President Joe Biden speaks Wednesday during a meeting with his task force on supply chain issues.
Patrick Semansky
President Joe Biden speaks Wednesday during a meeting with his task force on supply chain issues.

President Biden on Wednesday said he planned to run again for the presidency in 2024 if was still in good health, teasing a possible rematch against former President Donald Trump as all the more reason why he should run.

In an interview with ABC "World News Tonight" anchor David Muir, Biden discussed his future political plans and what he planned to do to address the coronavirus pandemic, particularly as the omicron variant fuels yet another spike in COVID-19 cases.

Biden said that as long as his health remained intact — the president celebrated his 79th birthday last month and is the oldest person to have assumed office — he would seek reelection in 2024.

When asked if a possible rematch against his felled 2020 opponent, Trump, would affect his decision, Biden said with a laugh: "You're trying to tempt me now."

"Sure. Why would I not run against Donald Trump for the nominee? That'll increase the prospect of running," he said.

The ABC interview came as cases of COVID-19 are once again rising, fueled primarily by the omicron variant of the virus.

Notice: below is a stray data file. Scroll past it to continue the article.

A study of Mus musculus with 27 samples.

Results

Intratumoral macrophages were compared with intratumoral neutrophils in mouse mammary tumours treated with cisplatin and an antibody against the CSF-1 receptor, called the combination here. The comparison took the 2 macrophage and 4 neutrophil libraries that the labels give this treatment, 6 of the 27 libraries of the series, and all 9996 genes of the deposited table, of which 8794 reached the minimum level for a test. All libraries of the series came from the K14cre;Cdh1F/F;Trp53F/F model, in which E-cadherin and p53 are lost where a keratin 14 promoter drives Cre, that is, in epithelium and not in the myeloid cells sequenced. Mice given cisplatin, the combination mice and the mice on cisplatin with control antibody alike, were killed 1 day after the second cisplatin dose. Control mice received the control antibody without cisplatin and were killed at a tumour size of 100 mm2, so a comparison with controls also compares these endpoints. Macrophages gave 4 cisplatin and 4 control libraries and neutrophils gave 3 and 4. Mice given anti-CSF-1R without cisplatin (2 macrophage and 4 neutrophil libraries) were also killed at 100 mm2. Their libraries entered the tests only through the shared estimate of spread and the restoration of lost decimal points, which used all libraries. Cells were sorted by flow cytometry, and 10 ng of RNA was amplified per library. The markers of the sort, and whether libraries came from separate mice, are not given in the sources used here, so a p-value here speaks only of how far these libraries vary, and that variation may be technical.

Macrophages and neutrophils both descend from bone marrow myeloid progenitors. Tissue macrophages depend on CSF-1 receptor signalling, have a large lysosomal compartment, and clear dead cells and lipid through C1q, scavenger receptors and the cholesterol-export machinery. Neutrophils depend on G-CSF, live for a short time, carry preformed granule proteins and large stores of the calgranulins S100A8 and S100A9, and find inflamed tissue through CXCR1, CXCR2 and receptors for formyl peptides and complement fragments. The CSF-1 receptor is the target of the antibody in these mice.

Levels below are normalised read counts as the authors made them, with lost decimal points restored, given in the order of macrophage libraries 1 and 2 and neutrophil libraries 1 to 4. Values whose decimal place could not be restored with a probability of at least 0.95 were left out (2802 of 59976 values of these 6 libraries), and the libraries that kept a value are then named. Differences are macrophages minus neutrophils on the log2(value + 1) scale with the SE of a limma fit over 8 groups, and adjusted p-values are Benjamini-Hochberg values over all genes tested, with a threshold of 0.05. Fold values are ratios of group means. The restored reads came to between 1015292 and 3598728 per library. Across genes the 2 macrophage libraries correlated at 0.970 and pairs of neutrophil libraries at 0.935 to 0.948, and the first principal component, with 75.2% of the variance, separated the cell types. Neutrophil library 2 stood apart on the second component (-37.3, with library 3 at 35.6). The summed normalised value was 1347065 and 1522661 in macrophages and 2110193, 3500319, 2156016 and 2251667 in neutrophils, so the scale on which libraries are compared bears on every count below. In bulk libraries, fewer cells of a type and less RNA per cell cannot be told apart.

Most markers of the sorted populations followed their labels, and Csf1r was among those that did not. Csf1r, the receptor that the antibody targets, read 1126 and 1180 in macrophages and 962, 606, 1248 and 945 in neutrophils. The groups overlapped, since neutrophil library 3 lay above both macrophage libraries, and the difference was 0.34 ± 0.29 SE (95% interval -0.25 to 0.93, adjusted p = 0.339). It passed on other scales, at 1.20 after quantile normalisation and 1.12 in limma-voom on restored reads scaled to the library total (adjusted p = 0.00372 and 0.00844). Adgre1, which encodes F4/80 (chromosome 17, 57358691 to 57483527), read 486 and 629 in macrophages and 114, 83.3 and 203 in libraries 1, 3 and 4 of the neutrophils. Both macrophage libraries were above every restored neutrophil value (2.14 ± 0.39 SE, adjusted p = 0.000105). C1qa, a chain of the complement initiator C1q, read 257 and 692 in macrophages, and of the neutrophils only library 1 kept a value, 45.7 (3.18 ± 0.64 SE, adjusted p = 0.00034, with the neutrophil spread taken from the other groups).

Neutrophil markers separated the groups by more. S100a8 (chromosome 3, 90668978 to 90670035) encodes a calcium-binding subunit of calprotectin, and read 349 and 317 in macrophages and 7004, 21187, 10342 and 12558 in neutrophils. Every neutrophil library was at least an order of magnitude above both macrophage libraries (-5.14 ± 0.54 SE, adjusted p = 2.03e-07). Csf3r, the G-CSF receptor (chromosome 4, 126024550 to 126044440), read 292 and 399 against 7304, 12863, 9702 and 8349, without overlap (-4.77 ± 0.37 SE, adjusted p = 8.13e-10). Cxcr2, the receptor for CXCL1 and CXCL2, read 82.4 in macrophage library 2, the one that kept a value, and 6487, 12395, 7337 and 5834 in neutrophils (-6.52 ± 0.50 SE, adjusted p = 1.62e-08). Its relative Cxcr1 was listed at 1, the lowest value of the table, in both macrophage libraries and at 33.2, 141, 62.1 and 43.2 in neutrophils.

Biden acknowledged to ABC that "nothing's been good enough" in the nation's response to testing for the virus, but hailed his administration's efforts to get as many Americans as possible fully vaccinated and boosted against COVID-19.

"Last Christmas, we were in a situation where we had significantly fewer vaccinated — people vaccinated, emergency rooms were filled," he said. "You had serious backups in hospitals that were causing great difficulties. We're in a situation now where we have 200 million people fully vaccinated. Two-hundred million people fully vaccinated. And we have more than that who have had one shot — at least one shot. And they're getting these booster shots as well."

Biden said that he didn't view the long lines for testing and empty shelves for at-home tests as a failure, but he admitted some regret about not ordering the distribution of at-home tests more quickly.

"You could argue that we should have known a year ago, six months ago, two months ago, a month ago." he told ABC.

He said he wished he "had thought about ordering" the 500 million tests for distribution two months ago.

The White House has faced sharp criticism for declining to do just that.

In a heated exchange with an NPR reporter earlier this month, when asked why the United States hadn't followed the lead of other developed nations and made testing free and easily available, White House Press Secretary Jen Psaki asked wryly: "Should we just send one to every American?"

That is essentially what the new Biden strategy will do.

Alana Wise is a politics reporter on the Washington desk at NPR.